Flat Earth Society


The least you can say about Flat Earth Society – or FES – is that it is an atypical orchestra. Although 14 band members fill the stage, terms such as ‘big band’ or ‘jazz orchestra’ are hopelessly inadequate. The band’s origins go back to X-legged Sally, the former group of frontman and reedman Peter Vermeersch. What began as a trio was considerably expanded, but not with any kind of musician. At FES, they don’t get a kick out of virtuosity as much as out of the right sense of flow and maximum expressiveness.

Their projects and concert programmes vary tremendously, but they always have one thing in common: the down-to-earth approach at which FES excels. That approach, which allows for and even encourages imperfection, ensures that FES hits the mark and amazes time and again! Never by relying on strings of lighting-quick notes, but always thanks to the group’s dynamic, the real punch of their compositions and the infectious playing, both collectively and individually.

From the start, a sense of self-deprecation seems to have slipped into the DNA of FES, something which contrasts strongly with their extended repertoire and the professionalism that the band now stands for. Indeed, no matter how crazy they may appear to be, FES is solid as a rock. FES is playful but smart. FES is a risk-taker and always gives itself 100 per cent. That is clear from their choice of projects and the way they carry them out.

Boggamasta is the name of their latest feat. For this project, David Bovée, a FES guitarist from the early days, was reincorporated. He had left the band after four years to continue with Think of One (not unsuccessfully, since their melting-pot music has in the meantime earned them two BBC Radio 3 World Music Awards).

A joint musical retreat in Gambia, stimulated by Theater aan Zee, gave Peter Vermeersch and David Bovée the desire to work together again, but this time with FES! They didn't have to look far for inspiration, having been deeply impressed by the image of the voted-out leader parading with an escort through the streets of Banjul and surrounded by majorettes while literally throwing money into the street from the open roof of a Hummer. The ‘Boggamasta’ was all-powerful. Or so he thought, at least. FES and David Bovée do not see Boggamasta as a merely African tale, but rather as a universal, ancient theme with allegorical powers. After all, perhaps a Boggamasta lurks in each and every one of us?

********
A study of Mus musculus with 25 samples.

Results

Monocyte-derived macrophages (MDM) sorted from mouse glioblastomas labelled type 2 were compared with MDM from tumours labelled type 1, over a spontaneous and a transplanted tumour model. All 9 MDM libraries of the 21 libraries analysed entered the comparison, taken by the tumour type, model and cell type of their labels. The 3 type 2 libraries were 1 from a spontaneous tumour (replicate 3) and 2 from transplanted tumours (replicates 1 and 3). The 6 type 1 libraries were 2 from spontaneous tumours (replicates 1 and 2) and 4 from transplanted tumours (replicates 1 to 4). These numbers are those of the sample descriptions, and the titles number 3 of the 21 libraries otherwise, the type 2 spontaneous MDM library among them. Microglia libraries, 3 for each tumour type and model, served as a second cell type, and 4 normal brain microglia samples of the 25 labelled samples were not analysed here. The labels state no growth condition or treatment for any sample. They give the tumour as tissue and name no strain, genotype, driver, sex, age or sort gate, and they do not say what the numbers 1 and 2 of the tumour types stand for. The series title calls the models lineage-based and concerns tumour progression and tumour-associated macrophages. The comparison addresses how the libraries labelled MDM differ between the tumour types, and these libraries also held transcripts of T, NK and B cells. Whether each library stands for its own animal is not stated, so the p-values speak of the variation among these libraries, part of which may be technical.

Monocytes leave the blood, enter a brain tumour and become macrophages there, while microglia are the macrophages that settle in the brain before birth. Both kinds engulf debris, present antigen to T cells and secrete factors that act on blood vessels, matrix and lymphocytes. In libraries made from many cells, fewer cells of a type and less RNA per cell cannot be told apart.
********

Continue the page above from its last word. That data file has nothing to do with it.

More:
To convey that feeling in sounds, only raw and critical notes could do the trick. The rhythm section was also dealt with: no acoustic piano, no vibraphone, no scores. But there were steamy grooves and a lot of horns above daft, deformed vocal parts, a lot of electronica, clarinet and ubiquitous raw guitars – and for the grand finale, a female tuba player who shines charmingly while singing the title song. Boggamasta: FES has never sounded so electronic, so sensual, so delirious!

FES is a house with many rooms, and another idiosyncratic project emerged from the rhythm section: Too Noisy Fish (represented by ART-SPOT.BE). With a lot of daring, pianist Peter Vandenberghe, bassist Kristof Roseeuw and drummer Teun Verbruggen explore the crackling field of tension between improvisation and composition with their robust jazz. In doing so they’re not afraid to blend chilled rock ‘n’ roll, frantic humour and meditative tranquillity.

They have two albums to their name, one of which with sound wizard Oz Fritz (among others, Tom Waits) manning the board. They are currently touring with the show Nightwatch (with author Dimitri Verhulst) and working hard on their third CD.


Lies Steppe

For as long as she can remember, Lies Steppe has been guided by music in everything she does: whether listening to music or making it herself, and as a radio presenter (Late Night Jazz, Take 7 and Round Midnight on Klara).